A New Guinean Thanksgiving

“More pictures!” I can hear you screaming even now, “And enough of the Vietnamese folklore.  Who wants to read about limestone pillars anyway?”

So I’ve consented.  I shall endeavor to use only fifty more words in this post (but note: I make no promises).

This past weekend, the nearest village to Ukarumpa (called Ukarumpa Village, naturally) threw a Thanksgiving service and invited the Waitskins from across the way.  And so we came:

It was a rainy day Sunday, but that by no means prevented the service from being held outside.  Though it was almost entirely in Tok Pisin, it was beautiful – you would have loved it yourselves.

I have, I fear, already used my alloted fifty words.  Will you permit me fifty more?

Not long ago, tribal warfare in the area left the village mostly burned and in ruins.  The service was meant to commemorate the anniversary of this burning.  But why a day of Thanksgiving?  Because, while the village was burned, almost all of their lives were spared – and ever since that frightful day, the conflicts and dangers of the area have greatly subsided.

As such, the service was full of poem readings, scripture readings, and lots and lots of singing (plus an hour and a half long sermon of which I understood very little).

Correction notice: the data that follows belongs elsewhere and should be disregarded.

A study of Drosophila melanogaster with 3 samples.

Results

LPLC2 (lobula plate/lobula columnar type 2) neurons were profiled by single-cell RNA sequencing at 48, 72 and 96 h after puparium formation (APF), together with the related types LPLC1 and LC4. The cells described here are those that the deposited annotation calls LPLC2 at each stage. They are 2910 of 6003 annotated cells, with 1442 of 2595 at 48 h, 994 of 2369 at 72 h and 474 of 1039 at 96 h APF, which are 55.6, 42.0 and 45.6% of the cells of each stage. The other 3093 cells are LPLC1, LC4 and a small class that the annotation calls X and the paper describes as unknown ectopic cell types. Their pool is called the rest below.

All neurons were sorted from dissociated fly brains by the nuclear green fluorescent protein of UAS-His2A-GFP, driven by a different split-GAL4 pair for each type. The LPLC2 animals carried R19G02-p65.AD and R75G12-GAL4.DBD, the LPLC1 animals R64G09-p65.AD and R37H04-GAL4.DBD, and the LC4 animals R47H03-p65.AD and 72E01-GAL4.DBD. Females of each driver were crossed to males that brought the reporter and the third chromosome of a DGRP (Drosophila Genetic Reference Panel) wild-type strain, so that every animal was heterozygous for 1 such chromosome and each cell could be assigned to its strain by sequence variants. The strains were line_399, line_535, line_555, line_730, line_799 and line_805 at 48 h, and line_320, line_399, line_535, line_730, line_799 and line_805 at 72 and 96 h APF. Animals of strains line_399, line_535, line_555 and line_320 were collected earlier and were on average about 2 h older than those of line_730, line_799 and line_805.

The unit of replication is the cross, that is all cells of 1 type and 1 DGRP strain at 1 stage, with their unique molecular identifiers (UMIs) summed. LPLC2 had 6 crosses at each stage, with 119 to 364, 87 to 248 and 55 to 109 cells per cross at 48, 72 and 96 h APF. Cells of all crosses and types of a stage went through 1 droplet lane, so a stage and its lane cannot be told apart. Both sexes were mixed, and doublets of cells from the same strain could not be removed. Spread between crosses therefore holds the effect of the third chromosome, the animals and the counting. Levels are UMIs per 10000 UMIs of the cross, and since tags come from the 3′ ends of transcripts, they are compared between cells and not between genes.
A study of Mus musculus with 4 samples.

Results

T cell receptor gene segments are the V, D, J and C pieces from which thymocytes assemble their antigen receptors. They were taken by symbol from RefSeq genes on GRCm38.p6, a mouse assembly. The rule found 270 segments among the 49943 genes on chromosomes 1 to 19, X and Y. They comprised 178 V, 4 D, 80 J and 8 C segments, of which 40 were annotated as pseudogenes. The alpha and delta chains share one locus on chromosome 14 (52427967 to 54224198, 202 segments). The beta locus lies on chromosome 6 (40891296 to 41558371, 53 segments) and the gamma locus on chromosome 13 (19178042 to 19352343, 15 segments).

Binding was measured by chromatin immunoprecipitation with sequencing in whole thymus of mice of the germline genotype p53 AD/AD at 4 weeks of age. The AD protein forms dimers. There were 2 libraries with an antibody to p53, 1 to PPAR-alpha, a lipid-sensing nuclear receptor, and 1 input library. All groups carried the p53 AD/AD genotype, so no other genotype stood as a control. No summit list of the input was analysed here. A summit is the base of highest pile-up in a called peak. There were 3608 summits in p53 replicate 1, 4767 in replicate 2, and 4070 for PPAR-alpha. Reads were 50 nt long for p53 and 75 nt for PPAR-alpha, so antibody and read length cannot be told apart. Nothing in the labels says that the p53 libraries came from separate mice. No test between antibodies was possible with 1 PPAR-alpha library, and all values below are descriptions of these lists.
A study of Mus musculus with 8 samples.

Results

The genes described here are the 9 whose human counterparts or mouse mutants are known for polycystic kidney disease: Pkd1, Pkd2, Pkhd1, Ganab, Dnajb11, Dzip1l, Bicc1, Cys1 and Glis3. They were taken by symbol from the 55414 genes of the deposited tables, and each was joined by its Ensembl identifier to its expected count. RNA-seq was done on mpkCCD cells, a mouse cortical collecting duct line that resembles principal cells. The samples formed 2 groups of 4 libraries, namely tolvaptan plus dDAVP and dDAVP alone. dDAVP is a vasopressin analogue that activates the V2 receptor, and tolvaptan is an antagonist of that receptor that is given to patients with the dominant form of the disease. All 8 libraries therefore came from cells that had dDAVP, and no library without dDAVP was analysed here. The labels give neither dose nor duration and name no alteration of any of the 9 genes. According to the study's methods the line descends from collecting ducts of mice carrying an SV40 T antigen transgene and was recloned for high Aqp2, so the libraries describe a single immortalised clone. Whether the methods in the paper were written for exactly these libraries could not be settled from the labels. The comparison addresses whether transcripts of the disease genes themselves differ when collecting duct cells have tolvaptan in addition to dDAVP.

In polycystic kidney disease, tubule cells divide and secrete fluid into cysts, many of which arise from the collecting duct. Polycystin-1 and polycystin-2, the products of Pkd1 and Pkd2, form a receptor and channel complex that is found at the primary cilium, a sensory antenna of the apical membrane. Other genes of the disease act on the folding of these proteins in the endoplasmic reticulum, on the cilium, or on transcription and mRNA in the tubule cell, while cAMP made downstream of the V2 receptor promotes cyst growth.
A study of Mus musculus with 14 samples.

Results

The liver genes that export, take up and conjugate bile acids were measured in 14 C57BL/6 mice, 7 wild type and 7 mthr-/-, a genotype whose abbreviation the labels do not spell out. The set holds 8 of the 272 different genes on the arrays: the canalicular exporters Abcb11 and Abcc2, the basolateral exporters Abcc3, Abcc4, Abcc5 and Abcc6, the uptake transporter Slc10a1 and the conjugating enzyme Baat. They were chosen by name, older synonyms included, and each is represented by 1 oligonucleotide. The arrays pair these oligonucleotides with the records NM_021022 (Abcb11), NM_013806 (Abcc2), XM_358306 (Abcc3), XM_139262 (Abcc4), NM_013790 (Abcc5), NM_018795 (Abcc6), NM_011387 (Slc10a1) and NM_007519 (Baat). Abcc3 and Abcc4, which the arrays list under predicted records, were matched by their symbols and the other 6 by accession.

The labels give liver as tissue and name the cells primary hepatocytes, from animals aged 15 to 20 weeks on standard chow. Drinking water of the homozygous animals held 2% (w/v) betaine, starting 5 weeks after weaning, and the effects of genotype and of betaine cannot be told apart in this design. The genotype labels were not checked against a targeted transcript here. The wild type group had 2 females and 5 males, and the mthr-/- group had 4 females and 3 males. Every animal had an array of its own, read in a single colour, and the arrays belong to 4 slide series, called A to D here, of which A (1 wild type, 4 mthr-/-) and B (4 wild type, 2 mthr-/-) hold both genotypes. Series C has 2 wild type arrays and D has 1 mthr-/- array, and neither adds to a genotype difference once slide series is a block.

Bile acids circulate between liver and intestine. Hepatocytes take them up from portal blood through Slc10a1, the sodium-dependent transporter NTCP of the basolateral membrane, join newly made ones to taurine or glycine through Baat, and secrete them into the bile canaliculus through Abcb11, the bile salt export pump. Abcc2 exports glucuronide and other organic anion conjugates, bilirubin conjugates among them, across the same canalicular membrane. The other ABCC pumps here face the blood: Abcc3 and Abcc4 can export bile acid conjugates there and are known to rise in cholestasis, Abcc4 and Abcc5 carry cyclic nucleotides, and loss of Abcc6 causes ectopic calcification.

Children sang:

A Papua New Guinean choir sang, an Ukarumpa choir sang, and a Korean choir sang:

And all the rest of us listened intently – whether we were sitting under the tent or standing outside with our umbrellas.

As I said, ’twas beautiful.

6 thoughts on “A New Guinean Thanksgiving

  1. i still cannot believe that wreck is the bridge. and for the sake of my not having a heart attack, i think there needs to be a one-at-a-time rule for crossing. what’s with the stroller? seriously?

    the service photos make it look quite inviting. a korean choir? that struck me as unusual. are there many koreans there? are they working as translators or what?

    well, gotta run. my best friend and her hubby arrive from kansas today. as of this month, we have been best buds for 20 years. i need to go to publix and pick up all her favorites….like beef crackers and blueberry oreos.

    speaking of publix…we would love to send you a care package of sorts. i used to do that with my sister all the time. give us some ideas of what to include…maybe some lasagna noodles?

  2. I’m with Christine on this “bridge” situation. There must be some sort of lobbyist group working with the PNG crocodiles to impede the construction of this bridge. For that reason, I am volunteering your brother Andy to come supervise either the completion of this bridge or (as I am sure would be his preference) “blowing up the bridge and just starting over”. Also glad to see that the natives had you over for dinner and no Cannibalism was involved (sure sounded like the old “come on over for Thanksgiving Dinner” bit….oldest Cannibal trick in the book).

  3. There are, actually, a good number of Korean folks here at Ukarumpa. Some are doing translation work, some are teachers, and I’m sure there are some in other departments as well. Their choir is quite good.